Magical Bridge Sway BoatI first visited Magical Bridge Playground at its grand opening, in April 2015. I so clearly remember watching children in wheelchairs playing side-by-side with able-bodied children, something I certainly had never seen as a kid. The words “play” and “childhood” felt connected in my mind, yet I never realized the extent to which many children – and adults – were being excluded from such a basic and human activity. So when I was offered a chance to join the team, I jumped at the chance. And this internship has been incredible. I have met inspiring people, and seen the profound happiness that something so simple as equal play brings to the lives of so many families.

I help run Magical Bridge’s Facebook, Twitter, Instagram, and Pinterest pages, and one thing that struck me was the amount of messages we receive asking us to close down the playground for an hour for only special needs kids. I understand where these parents are coming from – but the idea of shutting the playground down fundamentally goes against what Magical Bridge stands for.

There are many other organizations working very hard to create accessible playgrounds, and their work is admirable. But Magical Bridge envisions a world where playgrounds shouldn’t have to be categorized as accessible or special needs– they should be built for everyone!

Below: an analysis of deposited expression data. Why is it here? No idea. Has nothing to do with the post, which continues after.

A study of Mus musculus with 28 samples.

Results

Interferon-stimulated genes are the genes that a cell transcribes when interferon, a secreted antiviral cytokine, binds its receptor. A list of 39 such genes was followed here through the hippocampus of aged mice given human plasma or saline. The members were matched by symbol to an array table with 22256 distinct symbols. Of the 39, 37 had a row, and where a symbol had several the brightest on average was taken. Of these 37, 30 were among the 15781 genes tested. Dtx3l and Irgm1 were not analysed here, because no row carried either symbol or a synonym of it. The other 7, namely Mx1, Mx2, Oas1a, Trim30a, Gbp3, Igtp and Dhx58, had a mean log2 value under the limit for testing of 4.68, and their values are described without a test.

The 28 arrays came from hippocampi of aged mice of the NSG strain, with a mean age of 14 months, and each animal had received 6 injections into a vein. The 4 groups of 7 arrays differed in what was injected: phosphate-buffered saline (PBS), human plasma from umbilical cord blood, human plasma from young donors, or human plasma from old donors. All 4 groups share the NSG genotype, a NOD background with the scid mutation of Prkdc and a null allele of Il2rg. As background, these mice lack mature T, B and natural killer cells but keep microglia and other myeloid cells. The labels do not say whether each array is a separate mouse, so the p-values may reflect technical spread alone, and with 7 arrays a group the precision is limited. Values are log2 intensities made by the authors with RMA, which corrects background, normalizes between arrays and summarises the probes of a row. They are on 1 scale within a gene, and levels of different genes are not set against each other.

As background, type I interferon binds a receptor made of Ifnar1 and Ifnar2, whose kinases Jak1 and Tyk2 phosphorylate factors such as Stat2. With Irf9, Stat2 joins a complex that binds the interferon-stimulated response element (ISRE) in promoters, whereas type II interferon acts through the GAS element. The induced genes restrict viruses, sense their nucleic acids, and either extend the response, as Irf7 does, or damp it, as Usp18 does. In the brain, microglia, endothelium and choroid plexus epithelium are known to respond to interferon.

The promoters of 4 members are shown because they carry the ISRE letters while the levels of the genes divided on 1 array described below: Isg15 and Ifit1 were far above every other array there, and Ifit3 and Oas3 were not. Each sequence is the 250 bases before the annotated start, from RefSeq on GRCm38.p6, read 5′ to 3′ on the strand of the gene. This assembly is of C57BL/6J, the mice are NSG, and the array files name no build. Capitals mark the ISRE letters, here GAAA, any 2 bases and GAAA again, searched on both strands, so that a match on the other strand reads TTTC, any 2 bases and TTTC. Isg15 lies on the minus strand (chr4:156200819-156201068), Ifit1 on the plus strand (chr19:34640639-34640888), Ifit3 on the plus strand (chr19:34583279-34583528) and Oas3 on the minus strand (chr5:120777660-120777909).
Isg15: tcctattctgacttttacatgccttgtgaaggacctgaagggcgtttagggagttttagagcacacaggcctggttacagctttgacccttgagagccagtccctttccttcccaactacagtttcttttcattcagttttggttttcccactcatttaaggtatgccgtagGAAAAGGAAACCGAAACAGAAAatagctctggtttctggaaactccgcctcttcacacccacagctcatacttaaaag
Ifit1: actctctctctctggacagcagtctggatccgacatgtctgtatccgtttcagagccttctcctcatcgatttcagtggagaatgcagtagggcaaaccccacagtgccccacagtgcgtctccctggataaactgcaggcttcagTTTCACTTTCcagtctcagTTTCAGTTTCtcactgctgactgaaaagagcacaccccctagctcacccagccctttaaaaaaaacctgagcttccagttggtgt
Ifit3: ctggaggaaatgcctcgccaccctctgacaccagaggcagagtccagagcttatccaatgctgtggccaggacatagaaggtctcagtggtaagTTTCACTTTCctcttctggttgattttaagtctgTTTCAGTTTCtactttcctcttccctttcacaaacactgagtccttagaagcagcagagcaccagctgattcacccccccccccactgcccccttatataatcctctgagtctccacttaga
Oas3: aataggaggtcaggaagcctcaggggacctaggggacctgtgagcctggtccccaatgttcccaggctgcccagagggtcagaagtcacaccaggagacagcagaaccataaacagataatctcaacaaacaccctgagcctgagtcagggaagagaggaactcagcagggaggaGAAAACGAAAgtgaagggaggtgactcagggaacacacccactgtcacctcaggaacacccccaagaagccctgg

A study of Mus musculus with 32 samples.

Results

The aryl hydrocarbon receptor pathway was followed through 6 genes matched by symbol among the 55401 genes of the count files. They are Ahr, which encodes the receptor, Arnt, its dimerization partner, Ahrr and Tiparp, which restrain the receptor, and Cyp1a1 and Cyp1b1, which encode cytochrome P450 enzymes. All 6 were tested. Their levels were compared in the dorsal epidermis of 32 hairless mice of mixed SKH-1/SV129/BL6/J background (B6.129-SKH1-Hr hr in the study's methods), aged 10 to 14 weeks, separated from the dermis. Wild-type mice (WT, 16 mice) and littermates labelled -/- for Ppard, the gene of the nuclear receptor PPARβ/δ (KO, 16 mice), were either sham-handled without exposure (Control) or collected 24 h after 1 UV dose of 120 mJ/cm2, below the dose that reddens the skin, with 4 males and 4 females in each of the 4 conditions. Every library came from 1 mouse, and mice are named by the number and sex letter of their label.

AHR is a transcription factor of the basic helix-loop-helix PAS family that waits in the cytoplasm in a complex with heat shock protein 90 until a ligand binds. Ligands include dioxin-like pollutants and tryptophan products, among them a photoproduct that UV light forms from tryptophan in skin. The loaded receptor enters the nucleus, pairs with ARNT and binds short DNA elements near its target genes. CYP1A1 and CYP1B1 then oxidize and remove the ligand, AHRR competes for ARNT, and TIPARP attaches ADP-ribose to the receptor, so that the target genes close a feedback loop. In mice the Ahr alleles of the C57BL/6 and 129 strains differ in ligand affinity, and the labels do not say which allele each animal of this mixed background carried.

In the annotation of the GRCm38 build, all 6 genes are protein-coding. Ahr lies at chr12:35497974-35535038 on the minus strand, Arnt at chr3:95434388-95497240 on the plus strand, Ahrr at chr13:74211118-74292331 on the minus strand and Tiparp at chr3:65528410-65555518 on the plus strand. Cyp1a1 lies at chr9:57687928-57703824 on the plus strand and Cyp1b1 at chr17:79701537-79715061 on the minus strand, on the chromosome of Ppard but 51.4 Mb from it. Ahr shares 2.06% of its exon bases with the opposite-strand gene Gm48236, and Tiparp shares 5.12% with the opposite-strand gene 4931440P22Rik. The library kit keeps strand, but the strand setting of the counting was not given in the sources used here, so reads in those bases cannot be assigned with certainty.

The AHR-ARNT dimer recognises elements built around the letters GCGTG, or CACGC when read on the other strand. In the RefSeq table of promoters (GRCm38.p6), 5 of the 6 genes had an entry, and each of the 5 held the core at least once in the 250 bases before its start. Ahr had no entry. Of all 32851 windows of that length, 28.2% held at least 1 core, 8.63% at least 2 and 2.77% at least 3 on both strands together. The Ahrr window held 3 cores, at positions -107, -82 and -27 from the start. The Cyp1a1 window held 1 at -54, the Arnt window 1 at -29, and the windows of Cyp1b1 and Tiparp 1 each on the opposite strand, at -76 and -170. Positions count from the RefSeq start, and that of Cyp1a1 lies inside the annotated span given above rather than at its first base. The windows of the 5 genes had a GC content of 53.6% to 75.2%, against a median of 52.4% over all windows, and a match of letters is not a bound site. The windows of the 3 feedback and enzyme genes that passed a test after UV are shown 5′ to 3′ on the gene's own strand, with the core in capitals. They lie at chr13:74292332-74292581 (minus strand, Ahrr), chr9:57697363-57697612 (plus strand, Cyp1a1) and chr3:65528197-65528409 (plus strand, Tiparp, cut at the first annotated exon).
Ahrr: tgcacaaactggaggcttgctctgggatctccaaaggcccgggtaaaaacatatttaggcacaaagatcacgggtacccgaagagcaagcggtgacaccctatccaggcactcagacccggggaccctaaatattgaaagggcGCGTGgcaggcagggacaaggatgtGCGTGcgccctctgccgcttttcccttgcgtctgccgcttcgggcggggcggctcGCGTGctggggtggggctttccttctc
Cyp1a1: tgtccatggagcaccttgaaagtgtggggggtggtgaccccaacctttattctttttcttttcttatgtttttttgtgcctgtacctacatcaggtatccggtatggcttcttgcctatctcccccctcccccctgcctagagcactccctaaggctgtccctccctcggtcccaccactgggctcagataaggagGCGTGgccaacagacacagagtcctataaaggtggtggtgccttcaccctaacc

Yes, it’s that simple. These “accessible only” playgrounds are inherently excluding able-bodied kids, thus leaving disabled kids to play by themselves. And that’s exactly what we don’t want! The secret sauce of Magical Bridge is the relationships and friendships fostered through playing together, regardless of ability or disability. A large part of why families ask us for a “special needs only playtime” is because the playground is constantly packed. It can be cold, gray, rainy, or muggy (not that we get a lot of those days in California:) and there will be hundreds of people crowding the park. People come from all over the country – even world – to visit the playground because the opportunity for everyone to play is sadly, a unique one. That absolutely should not be the case.

Our goal is to give everyone a chance to play together, no matter what body they were born with. And having one playground isn’t going to cut it. Palo Alto’s Magical Bridge Playground is an incredible leap into changing the culture of accessible play. But we need more playgrounds all over the Bay Area and the country, and I want to see Magical Bridge become the norm – not the exception.

Samantha Frenkel-Popell is a senior at Menlo School and an intern for Magical Bridge Playground.